Pneumatic or Electric Actuators?
Posted in Uncategorised, on April 26, 2021 By Admin
One of the key products needed in industrial facilities are actuators. There are two main types: pneumatic and electric actuators. Many businesses struggle to identify which product will be better for their needs.
In today’s blog, McRae Engineering Equipment Ltd. will go over the pros and cons of pneumatic and electric actuators.
Obviously, the main difference between these two products is in how they are powered. Typically, electrically powered equipment will have higher levels of precision, though this is not to say the pneumatic version is not precise. It all comes down to how much precision you need, and therein lies the main principle of choosing between pneumatic and electric actuators: that is it all depends on your applications.
As a business, you will need to work with your equipment supplier to understand your performance needs, budget for components and systems, and productivity needs.
A pneumatic control valve actuator converts energy (typically in the form of compressed air) into a mechanical motion. The motion can be rotary or linear, depending on the type of actuator.
This version of actuators is able to provide high force and speeds at low unit costs, with a smaller footprint. The force and speed can also be easily adjusted and are independent of each other. The cost of the product and its associated components are known to be low, though the maintenance and operation of these units can be high.
Pros of Pneumatic Actuators
- Explosion proofing relatively simple
- Relatively insensitive to corroding environments if control air is used
- Unsophisticated design
- Use of control gas possible
- Logic interlocking of signals can be realized easily Relatively low cost
- High stroking velocities can be realized
- “Fail safe outages of the auxiliary energy do not prevent reaching of safe position (spring loaded actuator)”
Cons of Pneumatic Actuators
- Distance to the source of energy is limited (dead time problems)
- Actuating force of spring loaded units is limited
- Auxiliary energy must be generated and made available (cost implications)
- Auxiliary energy system requires considerable maintenance
- Small systems are normally not economical
- Sensitive to changing process pressure
An electric actuator is powered by a motor that converts electrical energy into mechanical torque. The electrical energy is used to actuate equipment such as multi-turn valves.
Additionally, a brake is typically installed above the motor to prevent the media from opening valve. If no brake is installed, the actuator will uncover the opened valve and rotate it back to its closed position. If this continues to happen, the motor and actuator will eventually become damaged. It is one of the cleanest and most readily available forms of actuator because it does not directly involve oil or other fossil fuels.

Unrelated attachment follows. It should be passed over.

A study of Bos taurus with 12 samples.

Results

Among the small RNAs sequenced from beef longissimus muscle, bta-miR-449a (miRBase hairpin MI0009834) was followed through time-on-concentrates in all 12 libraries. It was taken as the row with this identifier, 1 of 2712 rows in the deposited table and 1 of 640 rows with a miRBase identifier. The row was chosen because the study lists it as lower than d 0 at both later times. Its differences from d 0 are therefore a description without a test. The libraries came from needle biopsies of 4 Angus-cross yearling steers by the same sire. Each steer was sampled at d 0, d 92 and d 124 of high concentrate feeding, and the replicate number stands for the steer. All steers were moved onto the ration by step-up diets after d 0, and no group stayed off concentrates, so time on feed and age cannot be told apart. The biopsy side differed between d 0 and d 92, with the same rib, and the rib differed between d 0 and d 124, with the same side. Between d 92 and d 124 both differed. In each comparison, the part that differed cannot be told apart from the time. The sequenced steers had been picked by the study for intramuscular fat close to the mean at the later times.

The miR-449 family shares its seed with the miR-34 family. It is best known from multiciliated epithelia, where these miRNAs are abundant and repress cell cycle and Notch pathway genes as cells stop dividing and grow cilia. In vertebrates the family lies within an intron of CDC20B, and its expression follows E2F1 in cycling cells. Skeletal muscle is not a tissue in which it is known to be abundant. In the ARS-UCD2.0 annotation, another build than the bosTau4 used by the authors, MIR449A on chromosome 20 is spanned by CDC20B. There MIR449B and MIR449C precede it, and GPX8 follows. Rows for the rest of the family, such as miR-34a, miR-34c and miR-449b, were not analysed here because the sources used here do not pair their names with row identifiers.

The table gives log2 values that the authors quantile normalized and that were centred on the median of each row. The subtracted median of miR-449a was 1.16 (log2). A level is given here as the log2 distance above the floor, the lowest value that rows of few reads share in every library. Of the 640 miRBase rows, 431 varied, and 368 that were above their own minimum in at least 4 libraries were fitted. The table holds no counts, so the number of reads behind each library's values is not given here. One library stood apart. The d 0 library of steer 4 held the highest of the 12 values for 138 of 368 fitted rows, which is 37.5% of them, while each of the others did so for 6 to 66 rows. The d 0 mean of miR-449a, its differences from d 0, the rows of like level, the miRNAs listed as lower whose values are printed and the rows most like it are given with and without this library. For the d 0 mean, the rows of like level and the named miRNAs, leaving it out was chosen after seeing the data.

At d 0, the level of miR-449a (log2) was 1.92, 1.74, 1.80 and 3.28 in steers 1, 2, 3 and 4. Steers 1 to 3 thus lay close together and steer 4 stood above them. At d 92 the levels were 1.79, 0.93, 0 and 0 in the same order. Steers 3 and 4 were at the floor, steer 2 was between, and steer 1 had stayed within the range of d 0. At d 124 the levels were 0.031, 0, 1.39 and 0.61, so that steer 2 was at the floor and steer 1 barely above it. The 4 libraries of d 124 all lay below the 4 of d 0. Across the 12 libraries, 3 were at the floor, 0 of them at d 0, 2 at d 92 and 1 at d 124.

Compared to pneumatics, electric actuators can provide more precise controls and positioning. They are typically used to help adapt machines to flexible processes while still maintaining a relatively low operating cost. Electric actuators will have a higher initial cost compared to pneumatic types. That said, their operating costs are more manageable, especially if you are careful about your energy efficiency and savings.
Pros of Electrical Actuators
- Large distance to the source of energy is no problem
- Accessories and parts are standard supplies Easy interlocking of signals
- High regulation and control accuracy can be realized easily
- Large actuating force easy to achieve
- Remote control and monitoring functions can be implemented easily
Cons of Electrical Actuators
- Larger actuating forces difficult to achieve
- Limited stroking velocity
- Explosion proofing costlier in comparison to pneumatic or hydraulic actuators
- “Reaching of safe position in case of auxiliary energy outages must be ensured by additional measures”
- High maintenance costs
In a nutshell, the main difference in performance comes down to higher closing forces versus higher precision. There is also an important consideration to be made regarding the scale of your operations, with electric actuator being more suitable for small to medium loads while their pneumatic counterpart can handle larger scale deployment. Factors like operating and initial product costs should not factor that highly into your decision because at the end of the day, you need to choose the right product for your needs regardless of price.
McRae Engineering Equipment Ltd. is glad to provide advice and consultation for those seeking actuator products. Visit our website today to learn more about our products!